As spring arrives, many people start to experience uncomfortable allergy symptoms in their eyes, nasal passages or throat. It is estimated that 55% of Americans suffer from some sort of allergy, with many being affected by airborne allergens that can irritate the eyes.
What are Allergens?
Allergens are substances that irritate mucus membranes of the allergy sufferer including the nose, throat and eyes. Allergens can include organic substances such as pollen from trees, weeds or grass and mold spores. Other allergens include smoke, chlorine in pools, dust and pet dander. Allergens can irritate the tissues lining the nose and the clear layer of skin overlying the eyes called the conjunctiva causing a reaction that includes itching, swelling, tearing, and general discomfort. Ocular conjunctivitis or irritation of the eyes can be caused by allergens, but may also be exacerbated by contact lenses, viral or bacterial infections or injury to the eye.
What are the Symptoms of Eye Allergies?
The symptoms of eye-related allergies include: itchy eyes; redness; excess tearing; burning sensations; blurred vision; and excess mucous or crustiness around the eyes. These symptoms can occur seasonally or year-round. The timing of the symptoms can often help to identify the type of allergen causing the symptoms. If symptoms are persistent throughout the year, the likely culprit could be pet dander, household dust mites, or another indoor source. If symptoms are present only for short periods of time or during the spring, summer or fall, the cause is more likely related to outdoor allergens such as mold spores or pollen from trees, weeds or grass.
Self-treatment at Home
If your eye allergies are present year-round, you may want to take lifestyle steps to avoid contact with the suspected allergen. Keeping things that harbor allergens to a minimum might include removing excess bedding, pillows or dust ruffles. Reorganizing or storing objects that attract dust can be an effective preventive step. Dog, cats and other pets can also be a source of allergens.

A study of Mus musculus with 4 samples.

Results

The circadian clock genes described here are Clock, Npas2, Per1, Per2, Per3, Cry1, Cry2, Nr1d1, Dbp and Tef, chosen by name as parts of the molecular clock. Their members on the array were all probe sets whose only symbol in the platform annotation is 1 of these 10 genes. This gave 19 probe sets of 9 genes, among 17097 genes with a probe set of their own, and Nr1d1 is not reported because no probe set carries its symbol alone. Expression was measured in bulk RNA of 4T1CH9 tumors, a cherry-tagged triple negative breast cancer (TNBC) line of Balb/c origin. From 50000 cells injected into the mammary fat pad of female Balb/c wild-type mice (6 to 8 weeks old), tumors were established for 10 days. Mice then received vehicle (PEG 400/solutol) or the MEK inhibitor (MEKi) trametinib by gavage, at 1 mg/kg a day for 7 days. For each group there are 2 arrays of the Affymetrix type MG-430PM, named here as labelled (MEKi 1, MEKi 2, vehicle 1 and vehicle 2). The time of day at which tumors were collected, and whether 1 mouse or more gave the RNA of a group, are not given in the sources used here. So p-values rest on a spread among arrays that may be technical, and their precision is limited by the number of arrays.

The effects from outdoor allergens such as pollen from trees grass and weeds can be relieved in mild cases by avoiding rubbing of the eyes, and applying cool compresses to the affected eyes. Keeping windows and doors closed can also limit the eye’s exposure to pollen.
Over the counter antihistamine eye drops may alleviate symptoms and a lubricating eye drop can help to flush allergens from the eyes. Avoiding touching or rubbing the eyes can also keep irritation to a minimum. Oral non-prescription medications for allergies such as Zyrtec or Claritin may also help to alleviate symptoms affecting the eyes. We especially like an all-natural allergy eye drop from Switzerland, Similasan. This over-the-counter eye drop is relatively mild, inexpensive and widely available.
Twice daily eyewashes using an eyecup and sterile saline solution can flush much of the allergens from your eyes. Follow up the eyewash with an application of antihistamine eye drops for relief of mild symptoms.
For Persistent Symptoms
If the symptoms of itching, burning, tearing, and excess mucous are new or become troublesome, it’s a good idea to make an appointment to see your eye doctor. He or she can examine your eyes and help to determine whether the ocular conjunctivitis is the result of allergies or another type of infection.
Chronic rubbing of the eyes as a response to allergy irritation—especially in children— can cause permanent vision loss called kerataconus. Excessive rubbing can alter and distort the corneal structure.
Prescription eye drops are available for relief from eye allergy symptoms. Several formulations are available and may require application once or twice a day for a modest time period. After a few days, most people can feel relief from the symptoms. Contact lens wearers may need to replace existing disinfecting or storage containers more often and may want to replace their lenses with a fresh pair more frequently. Daily disposal contact lenses are the best solution for allergy sufferers because they eliminate the transfer of collected allergens on the lenses over to the next day. Daily disposable contact lenses are inexpensive, correct vision as well as traditional lenses, and don’t require a regimen of daily cleaning and solutions.
Allergies can be eased with proper treatment and reasonable precautions. Many adults can see an increase in allergen reactions over time, so it is not unusual to require additional medicine or treatment. It is worth noting that despite their discomfort, allergies themselves pose no long-term threat to vision health.